Kapa haka festival, a success of unity

All smiles from Apakura Te Kākano Puna Reo. Photo: Benjamin Wilson

Te Awamutu’s kapa haka festival Te Rā Whakamana Rangatahi was a “great success”.

“And that success was based on kotahitanga, unity,” said Te Wharekura o Ngā Purapura o te Aroha principal Jade Tapine.

His wharekura hosted the event, which saw nine schools from the greater Te Awamutu participate in last Friday.

“It was a great success in the sense that we could be together as a whole, which had been missing for the past few years,” he said.

Music teacher Zacchaeus Te Uri Karaka and te reo Māori voice actor Jaedyn Randell emceed the event. They held various minigames for the students, including pūkana and t-shirt catching competitions.

Each of the schools were given to 10 to 20 minutes to deliver their kapa haka performances.

Awards were given out to the schools in acknowledgement of the work that their students had put in.

Kihikihi School received a taonga that acknowledged their bold and skilfulness, likewise for Pirongia School who were ‘peaceful and composed’, Waipā Christian School were ‘harmonious and tuneful’, The Barnyard ‘happy and joyful’, Apakura Te Kākano ‘growing and rising’, Ohaupo School ‘blooming and blossoming’, Pekapekarau School ‘tranquil and cool’, the host school ‘strong and vigorous’ and Te Awamutu Primary ‘caring and graceful’.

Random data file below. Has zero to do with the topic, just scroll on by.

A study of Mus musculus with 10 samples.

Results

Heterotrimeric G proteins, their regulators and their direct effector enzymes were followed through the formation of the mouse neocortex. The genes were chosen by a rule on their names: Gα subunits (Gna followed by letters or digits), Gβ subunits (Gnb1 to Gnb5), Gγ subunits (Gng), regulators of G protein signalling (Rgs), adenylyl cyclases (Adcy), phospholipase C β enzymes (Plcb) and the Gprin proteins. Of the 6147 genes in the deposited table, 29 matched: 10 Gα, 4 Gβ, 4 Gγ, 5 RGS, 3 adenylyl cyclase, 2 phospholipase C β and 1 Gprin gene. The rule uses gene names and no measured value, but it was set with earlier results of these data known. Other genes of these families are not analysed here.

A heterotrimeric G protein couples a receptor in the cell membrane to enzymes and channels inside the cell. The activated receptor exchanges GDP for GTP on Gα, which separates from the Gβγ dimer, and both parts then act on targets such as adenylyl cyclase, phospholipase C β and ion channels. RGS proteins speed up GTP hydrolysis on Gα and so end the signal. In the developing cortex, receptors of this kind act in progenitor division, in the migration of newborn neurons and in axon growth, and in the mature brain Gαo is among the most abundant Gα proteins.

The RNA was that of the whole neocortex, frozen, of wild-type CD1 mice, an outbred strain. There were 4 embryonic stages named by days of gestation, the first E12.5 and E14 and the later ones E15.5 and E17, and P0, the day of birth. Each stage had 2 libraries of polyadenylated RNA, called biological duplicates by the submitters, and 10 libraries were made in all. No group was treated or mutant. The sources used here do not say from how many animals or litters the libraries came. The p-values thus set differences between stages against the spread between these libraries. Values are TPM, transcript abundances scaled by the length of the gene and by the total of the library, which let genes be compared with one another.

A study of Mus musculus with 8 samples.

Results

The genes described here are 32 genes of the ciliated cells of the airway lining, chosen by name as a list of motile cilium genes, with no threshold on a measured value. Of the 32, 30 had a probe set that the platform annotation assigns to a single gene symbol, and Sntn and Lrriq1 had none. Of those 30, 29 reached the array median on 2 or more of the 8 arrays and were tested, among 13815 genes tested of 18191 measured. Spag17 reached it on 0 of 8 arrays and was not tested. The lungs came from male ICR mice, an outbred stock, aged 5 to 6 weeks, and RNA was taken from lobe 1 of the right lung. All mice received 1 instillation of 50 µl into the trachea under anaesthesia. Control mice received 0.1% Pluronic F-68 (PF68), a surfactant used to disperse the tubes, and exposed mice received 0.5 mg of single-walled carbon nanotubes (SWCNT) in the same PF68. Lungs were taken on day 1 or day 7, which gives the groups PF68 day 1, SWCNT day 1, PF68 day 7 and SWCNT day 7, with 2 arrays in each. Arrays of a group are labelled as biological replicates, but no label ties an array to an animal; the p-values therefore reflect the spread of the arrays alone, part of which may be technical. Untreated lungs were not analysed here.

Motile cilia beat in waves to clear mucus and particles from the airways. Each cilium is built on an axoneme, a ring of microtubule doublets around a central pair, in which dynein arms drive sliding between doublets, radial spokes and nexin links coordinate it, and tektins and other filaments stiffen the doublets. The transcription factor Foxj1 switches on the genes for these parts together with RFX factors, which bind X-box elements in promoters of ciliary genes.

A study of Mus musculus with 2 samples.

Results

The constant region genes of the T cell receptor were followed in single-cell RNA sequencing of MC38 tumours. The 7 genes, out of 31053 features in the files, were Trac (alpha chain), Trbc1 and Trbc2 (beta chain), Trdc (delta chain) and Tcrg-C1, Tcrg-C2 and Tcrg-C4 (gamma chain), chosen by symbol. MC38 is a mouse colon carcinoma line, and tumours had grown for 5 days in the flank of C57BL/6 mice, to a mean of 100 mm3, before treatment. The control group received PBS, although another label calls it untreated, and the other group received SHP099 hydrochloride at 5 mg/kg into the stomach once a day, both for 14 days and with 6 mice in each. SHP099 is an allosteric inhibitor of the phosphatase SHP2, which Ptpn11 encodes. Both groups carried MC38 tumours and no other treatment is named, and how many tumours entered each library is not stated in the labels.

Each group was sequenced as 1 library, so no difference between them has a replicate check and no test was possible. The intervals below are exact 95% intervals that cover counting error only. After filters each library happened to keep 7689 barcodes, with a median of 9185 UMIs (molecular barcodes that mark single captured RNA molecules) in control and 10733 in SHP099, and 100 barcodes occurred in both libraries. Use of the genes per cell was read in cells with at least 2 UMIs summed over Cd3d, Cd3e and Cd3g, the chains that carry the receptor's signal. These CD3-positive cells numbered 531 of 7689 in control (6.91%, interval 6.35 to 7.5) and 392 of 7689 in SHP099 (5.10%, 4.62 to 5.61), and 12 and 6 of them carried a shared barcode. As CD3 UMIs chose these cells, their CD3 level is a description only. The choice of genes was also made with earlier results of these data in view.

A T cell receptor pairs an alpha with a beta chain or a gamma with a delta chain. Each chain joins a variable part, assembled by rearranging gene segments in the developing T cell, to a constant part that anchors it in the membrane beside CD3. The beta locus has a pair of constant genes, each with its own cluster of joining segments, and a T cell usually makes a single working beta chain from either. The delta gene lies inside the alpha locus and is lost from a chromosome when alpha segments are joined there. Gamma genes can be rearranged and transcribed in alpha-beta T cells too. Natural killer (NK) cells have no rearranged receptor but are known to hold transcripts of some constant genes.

“It didn’t matter if you were pakeha or Māori or whatever, it was an opportunity to be one collective,” said Tapine.

He stressed that the festival was not a competition, but a celebration.

Kihikihi School deputy principal Cedric Kapa said 95 per cent of his school participated in the event.

Most of their students had not done anything similar before. They spent one hour a week practicing for their performance last term, which was ramped up to three hours a week this term, Kapa said.

“I am totally overwhelmed with the performance that they put out there… and I am really happy with all of the support that we had,” he said.

“The event was really well organised by the wharekura and it was great to have our kaumatua so well looked after. They did a really excellent job at making sure the event was a success.”

At the end of the event, Kapa’s son, Wiremu, received a carved puke and patu on behalf of the school, to symbolise that they will be hosting the festival next year.

“We can’t wait to get stuck into it, in fact we are already thinking about how we can do things,” said Kapa.

“They (Te Wharekura o Ngā Purapura o te Aroha) have got some key learnings to share with us about the organisation and structure of the event for next year.”